How to Get Rid of Belly Bloating: What to Eat & What to Avoid to Help Stop Feeling Bloated by Dr. Niket Sonpal
Regardless of weight or body type, it’s common to see some belly bloat. The foods we choose, how we’re digesting and simply the air we’re swallowing can all add up to feeling and looking bloated. It’s really important to pay attention to bloat, especially when it either comes on suddenly or is prolonged with pain.
It is possible to develop an overgrowth of bacteria in the small intestine which gives that distended belly and full feeling. The discomfort caused by bloating is a fixable issue. Watching the choices you are making and the way your body is reacting to them is key.
Foods That Can Cause Bloat
- Simple Carbs: The general population is aware that foods like soft drinks, sweets, desserts and white bread are not conducive to a healthy diet. Simple carbs are processed into the bloodstream very quickly and have little nutritional value other than the energy they add to your body. When there is an overflow of energy being stored in your body versus what you are burning you begin to gain weight and feel bloated.
- Processed Starches: Limiting pasta or bread to a once per week treat can really make an impact when addressing bloat. These foods are like sponges when it comes to water. When you cut starches, you’ll notice bloat minimizes pretty quickly.
- Sugar Substitutes and Faux Sweeteners: Here’s the catch, you may think you’re doing the right thing by opting for “fat-free” or “sugar-free” food options that say they are “derived from real sugar.” These kinds of sugars are actually low-digestible carbohydrates. Our bodies metabolize them differently due to their chemical structure leaving them hanging around in our small intestine leading to bloat.
- Raw Cauliflower (and Other Uncooked Cruciferous Vegetables): Cauliflower has become the “it” vegetable because it takes on the flavor of anything it’s mixed with. We see recipes for cauliflower mashed, cauliflower pizza, fried “rice” and even mac and cheese; all created with cauliflower as the main ingredient. When cooked, these vegetables are great sources of nutrition and fine side dish substitutes for pasta, rice and potatoes. However, when cauliflower is chopped up and eaten raw along with kale, broccoli and brussels sprouts, you can expect bloating to occur. Cooking is key!
- Salt: If you want to reduce water retention which always leads to a bloated stomach, cut out the salt. In fact, if you have a lunchtime meal you can significantly reduce the bloat and puffiness simply by avoiding salty foods for the remainder of the day. People who are mindful of their salt intake, prepare their own foods and avoid things like canned soups, chips, bacon, sausage and lunch meats will look and feel leaner.
Food Not to Fear
- Ripe Bananas: What’s not to love about bananas. You can grab one on the go, they are high in potassium which is another thing that rids water retention.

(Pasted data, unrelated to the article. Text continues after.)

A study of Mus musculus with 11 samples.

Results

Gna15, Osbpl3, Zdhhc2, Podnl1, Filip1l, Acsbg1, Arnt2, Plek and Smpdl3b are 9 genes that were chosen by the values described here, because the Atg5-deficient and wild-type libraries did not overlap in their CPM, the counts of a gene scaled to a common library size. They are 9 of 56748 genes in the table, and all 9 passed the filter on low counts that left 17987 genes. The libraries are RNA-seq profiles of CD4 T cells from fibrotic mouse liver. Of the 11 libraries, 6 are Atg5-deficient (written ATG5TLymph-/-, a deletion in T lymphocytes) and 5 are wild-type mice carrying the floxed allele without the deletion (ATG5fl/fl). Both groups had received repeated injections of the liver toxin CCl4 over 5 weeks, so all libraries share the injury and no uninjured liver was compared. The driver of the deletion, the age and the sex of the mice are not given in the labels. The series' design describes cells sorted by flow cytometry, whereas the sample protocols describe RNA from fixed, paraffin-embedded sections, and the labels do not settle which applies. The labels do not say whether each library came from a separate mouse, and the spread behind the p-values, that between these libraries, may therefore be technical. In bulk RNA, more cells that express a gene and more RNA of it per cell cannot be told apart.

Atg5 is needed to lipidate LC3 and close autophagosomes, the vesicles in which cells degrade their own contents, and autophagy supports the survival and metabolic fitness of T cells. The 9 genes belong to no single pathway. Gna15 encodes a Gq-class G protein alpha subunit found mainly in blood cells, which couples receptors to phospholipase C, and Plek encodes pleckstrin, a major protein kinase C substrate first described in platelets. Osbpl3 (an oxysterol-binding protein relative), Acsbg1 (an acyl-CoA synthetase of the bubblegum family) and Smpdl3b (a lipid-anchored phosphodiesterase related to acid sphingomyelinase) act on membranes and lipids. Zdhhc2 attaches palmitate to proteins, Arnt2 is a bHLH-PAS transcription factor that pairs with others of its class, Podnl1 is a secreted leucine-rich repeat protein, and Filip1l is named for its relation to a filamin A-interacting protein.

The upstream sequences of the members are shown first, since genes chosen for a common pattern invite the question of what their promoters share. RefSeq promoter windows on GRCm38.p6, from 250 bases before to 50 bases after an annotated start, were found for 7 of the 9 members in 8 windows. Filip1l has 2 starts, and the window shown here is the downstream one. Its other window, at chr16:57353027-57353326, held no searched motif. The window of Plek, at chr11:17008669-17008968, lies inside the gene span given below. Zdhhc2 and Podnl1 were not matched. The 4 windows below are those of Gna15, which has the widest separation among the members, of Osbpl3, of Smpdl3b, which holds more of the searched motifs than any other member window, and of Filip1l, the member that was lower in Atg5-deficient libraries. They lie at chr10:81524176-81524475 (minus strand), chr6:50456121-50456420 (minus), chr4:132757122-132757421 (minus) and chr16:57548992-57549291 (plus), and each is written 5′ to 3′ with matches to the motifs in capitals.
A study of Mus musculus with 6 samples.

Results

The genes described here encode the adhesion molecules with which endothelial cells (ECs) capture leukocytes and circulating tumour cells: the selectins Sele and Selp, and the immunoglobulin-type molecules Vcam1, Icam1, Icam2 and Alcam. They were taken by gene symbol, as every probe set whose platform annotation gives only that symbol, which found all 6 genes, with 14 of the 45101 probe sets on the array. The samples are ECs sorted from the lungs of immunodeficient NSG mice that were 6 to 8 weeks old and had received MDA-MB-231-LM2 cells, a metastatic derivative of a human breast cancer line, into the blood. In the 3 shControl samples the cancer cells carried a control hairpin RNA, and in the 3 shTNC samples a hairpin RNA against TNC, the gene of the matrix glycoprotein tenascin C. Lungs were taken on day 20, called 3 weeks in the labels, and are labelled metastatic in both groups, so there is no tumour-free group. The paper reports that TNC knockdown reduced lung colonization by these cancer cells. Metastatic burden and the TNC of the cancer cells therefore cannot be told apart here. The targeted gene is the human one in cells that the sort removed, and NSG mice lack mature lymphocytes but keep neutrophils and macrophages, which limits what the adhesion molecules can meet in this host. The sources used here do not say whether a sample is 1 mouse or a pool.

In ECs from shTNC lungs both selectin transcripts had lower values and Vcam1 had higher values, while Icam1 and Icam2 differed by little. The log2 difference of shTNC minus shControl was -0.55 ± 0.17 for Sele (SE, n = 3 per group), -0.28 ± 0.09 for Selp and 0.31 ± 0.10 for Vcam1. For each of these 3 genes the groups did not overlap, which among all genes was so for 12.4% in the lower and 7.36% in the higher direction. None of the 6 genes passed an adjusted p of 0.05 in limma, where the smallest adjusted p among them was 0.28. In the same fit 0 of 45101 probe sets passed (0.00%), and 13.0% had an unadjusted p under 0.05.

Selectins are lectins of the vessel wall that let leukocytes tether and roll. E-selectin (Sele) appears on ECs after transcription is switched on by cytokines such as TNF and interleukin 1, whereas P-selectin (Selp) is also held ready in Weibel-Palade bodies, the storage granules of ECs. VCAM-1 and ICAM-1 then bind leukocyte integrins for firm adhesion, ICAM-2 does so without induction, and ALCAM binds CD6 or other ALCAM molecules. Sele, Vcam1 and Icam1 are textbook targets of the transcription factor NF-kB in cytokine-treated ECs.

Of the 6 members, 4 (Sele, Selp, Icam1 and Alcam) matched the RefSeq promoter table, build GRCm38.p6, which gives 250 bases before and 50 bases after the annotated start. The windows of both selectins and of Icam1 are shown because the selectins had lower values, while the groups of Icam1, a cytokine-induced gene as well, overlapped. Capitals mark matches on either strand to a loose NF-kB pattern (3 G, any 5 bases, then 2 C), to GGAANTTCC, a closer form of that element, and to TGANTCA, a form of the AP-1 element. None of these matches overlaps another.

- Cucumbers: They’re known to reduce swelling and given they contain the flavonoid antioxidant quercetin. Cool crisp and delicious they’re common to salads and they can also be eaten solo as a snack. You can also add cucumbers to water.
- Watermelon: Chunks of watermelon are low calorie and filled with water (over 90 percent) and very low sugar. Watermelons are mostly water – about 92 percent – but this refreshing fruit is soaked with nutrients. Each juicy bite has significant levels of vitamins A, B6 and C, lots of lycopene, antioxidants and amino acids. There's even a modest amount of potassium.
- Fermented Foods: Kimchi, sauerkraut, pickles and kombucha. These high probiotic, bacteria-friendly fermented foods are key to maximizing digestion and maintaining a healthy gut.
- Drink Water and Green Tea: Since carbonated beverages contribute to bloat stick to water and flavored teas. Sipping on these beverages throughout the day keeps the digestive system moving. When you are water deprived your body will hold on to the water already in your body without excretion leading to appearing bloated.
Things to Avoid When Dealing With Bloat
- Drinking From a Straw: The mechanisms of straws make it so that you suck air in to take sips of your drink. An excess of this can fill you up with air and cause bloating.
- Sleeping Right After Eating: Many people get drowsy right after a meal. The best course of action is to go for a walk or do something that gives you a bit of energy and helps your body process your meal. Going to bed right after eating cripples your digestive process, slowing down the breakdown of your food.
- Eating Too Rapidly: If you find yourself struggling with bloating observing the pace at which you eat can help reduce the amount of air you intake while consuming the foods you love. Generally taking more time to enjoy your meal.
The content on 30Seconds.com is for informational and entertainment purposes only, and should not be considered medical advice. The information on this site should not be used to diagnose or treat a health problem or disease, and is not a substitute for professional care. Always consult your personal healthcare provider. The opinions or views expressed on 30Seconds.com do not necessarily represent those of 30Seconds or any of its employees, corporate partners or affiliates.